MLB: Miami Marlins at Philadelphia Phillies Eric Hartline-USA TODAY Sports

The Phillies’ middle infield situation has been the talk of the town this winter.

“You hear about this logjam,” Philadelphians have asked, unable to hear each other’s muffled words through the scarves and layers made necessary by the abrupt onset of December.

The unheard conversations will change, it seems, as longtime infielder and mostly shortstop Freddy Galvis has reportedly been sent to San Diego (one of the teams long speculated to be a landing spot for Galvis) in a deal that has netted Matt Klentak and the Phillies pitching prospect Enyel de los Santos. The Christmas-born 21-year-old RHP last pitched for the Padres’ AA affiliate in San Antonio, logging a 3.78 ERA over 150 IP. A ground ball pitcher, de los Santos has been noted for persistent improvement in the minors, upping his velocity from low 90s to 97 with promise in his change-up and curve.

Galvis was first promoted to the Phillies in 2012 as the opening day second baseman after Chase Utley’s knee problems (and presumably several armed guards) kept him off the field. Galvis, a known defensive commodity, struggled to find his first hit, but finally came through with a clutch RBI double days later following the supportive chants of “FRED-DY, FRED-DY” by a Phillies crowd who at that point still believed in things.

Since then, the 28-year-old has become a leader in the clubhouse, the longest tenured Phillies player after the departure of the last members of the 2007-11 core, and a Gold Glove contender. His offense never came consistently around, and he leaves Philadelphia with a slash line of .255/.309/.382 (.247/.293/.400 at CBP), generating 1.3 WAR in each of the last two seasons—though in 2016 he saw a power surge that made him one of the four Phillies with 20 home runs on the year, one of which came right after the birth of his daughter.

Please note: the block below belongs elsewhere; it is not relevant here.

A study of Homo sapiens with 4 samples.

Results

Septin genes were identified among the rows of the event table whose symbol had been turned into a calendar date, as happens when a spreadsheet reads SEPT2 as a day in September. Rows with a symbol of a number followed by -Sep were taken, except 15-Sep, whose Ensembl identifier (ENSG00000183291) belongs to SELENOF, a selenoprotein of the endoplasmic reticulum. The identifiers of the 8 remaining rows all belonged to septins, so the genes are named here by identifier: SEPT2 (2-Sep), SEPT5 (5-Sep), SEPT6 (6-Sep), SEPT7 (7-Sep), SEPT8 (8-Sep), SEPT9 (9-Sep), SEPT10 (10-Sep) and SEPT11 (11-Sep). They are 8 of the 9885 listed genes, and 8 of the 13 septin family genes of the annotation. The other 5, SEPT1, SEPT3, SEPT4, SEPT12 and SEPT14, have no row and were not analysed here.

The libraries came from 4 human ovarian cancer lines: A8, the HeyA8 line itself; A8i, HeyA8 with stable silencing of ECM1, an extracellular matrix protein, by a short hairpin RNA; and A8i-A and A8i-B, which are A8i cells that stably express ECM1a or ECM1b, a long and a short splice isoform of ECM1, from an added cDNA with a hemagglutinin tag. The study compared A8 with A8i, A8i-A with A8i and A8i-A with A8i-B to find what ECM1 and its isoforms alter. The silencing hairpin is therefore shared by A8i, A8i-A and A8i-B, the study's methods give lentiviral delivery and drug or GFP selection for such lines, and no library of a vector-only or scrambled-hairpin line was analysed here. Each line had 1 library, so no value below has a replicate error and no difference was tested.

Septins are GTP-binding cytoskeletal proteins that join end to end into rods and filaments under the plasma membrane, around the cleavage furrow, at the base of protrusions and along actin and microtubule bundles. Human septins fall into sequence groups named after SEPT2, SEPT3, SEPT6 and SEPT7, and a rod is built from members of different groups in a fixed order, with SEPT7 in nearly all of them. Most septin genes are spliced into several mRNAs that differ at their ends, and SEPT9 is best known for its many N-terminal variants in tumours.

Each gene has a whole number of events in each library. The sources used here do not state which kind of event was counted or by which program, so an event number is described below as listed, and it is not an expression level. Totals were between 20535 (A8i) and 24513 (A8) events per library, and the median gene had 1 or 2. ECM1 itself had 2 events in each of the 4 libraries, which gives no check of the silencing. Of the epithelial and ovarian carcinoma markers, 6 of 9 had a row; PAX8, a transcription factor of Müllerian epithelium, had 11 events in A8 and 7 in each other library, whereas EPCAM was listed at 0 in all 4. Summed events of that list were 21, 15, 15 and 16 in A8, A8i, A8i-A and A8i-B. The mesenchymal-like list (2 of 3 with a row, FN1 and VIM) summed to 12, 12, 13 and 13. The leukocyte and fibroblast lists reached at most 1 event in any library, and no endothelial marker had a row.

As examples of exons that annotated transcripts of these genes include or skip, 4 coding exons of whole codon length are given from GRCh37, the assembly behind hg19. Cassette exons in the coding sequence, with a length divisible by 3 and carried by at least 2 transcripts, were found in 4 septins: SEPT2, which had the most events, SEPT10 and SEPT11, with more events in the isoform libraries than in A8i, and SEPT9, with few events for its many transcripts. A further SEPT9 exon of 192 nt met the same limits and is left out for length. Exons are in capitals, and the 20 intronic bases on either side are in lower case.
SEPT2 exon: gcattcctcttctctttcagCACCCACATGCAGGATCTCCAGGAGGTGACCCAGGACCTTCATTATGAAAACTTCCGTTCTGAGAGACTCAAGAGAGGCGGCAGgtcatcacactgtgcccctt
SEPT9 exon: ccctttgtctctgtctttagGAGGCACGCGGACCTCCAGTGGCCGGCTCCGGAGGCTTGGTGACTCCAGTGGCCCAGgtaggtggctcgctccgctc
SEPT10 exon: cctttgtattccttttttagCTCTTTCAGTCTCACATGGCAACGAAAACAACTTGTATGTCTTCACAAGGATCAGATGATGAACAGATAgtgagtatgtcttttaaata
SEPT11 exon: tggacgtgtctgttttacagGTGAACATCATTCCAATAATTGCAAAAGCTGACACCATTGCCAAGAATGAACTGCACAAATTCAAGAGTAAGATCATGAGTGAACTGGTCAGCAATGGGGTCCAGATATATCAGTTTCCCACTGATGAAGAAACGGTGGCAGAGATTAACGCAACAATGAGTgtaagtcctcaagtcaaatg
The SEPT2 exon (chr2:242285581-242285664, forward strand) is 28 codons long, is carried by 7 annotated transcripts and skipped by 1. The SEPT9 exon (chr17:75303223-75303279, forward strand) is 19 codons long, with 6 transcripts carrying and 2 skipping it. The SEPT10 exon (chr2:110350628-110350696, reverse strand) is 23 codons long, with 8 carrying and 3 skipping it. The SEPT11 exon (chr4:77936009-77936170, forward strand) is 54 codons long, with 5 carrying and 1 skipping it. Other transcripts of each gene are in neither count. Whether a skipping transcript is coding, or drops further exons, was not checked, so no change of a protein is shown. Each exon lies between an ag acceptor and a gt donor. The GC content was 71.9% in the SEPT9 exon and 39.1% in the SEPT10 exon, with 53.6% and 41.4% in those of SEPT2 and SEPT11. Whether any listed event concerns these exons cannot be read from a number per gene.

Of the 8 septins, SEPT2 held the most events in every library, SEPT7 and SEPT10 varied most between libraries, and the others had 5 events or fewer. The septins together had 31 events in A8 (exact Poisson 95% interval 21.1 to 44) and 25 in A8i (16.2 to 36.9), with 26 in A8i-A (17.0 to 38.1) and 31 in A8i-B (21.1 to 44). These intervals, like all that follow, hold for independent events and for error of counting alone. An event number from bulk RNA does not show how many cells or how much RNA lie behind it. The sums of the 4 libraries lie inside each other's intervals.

His leadership has helped keep a reforming younger team from losing their minds as the brain-shattering losses piled up, and his defense has been admired and gaped at from any position in the field.

With J.P. Crawford, Scott Kingery, and Cesar Hernandez in the fold—and Cesar’s trade offers thus far underwhelming, Kingery a trade chip in hypotheticals or unexecuted ideas to this point, and Crawford being trotted out to Sixers games as a future face of the team—it’s not surprising that the Phillies could strike a deal involving Galvis.

Should the deal go through, the logjam will become a bit less tense, and Philadelphians can go back to discussing their normal winter activity: Reheating the slabs of cheese steak meat we use to insulate our homes and jamming them back into our walls.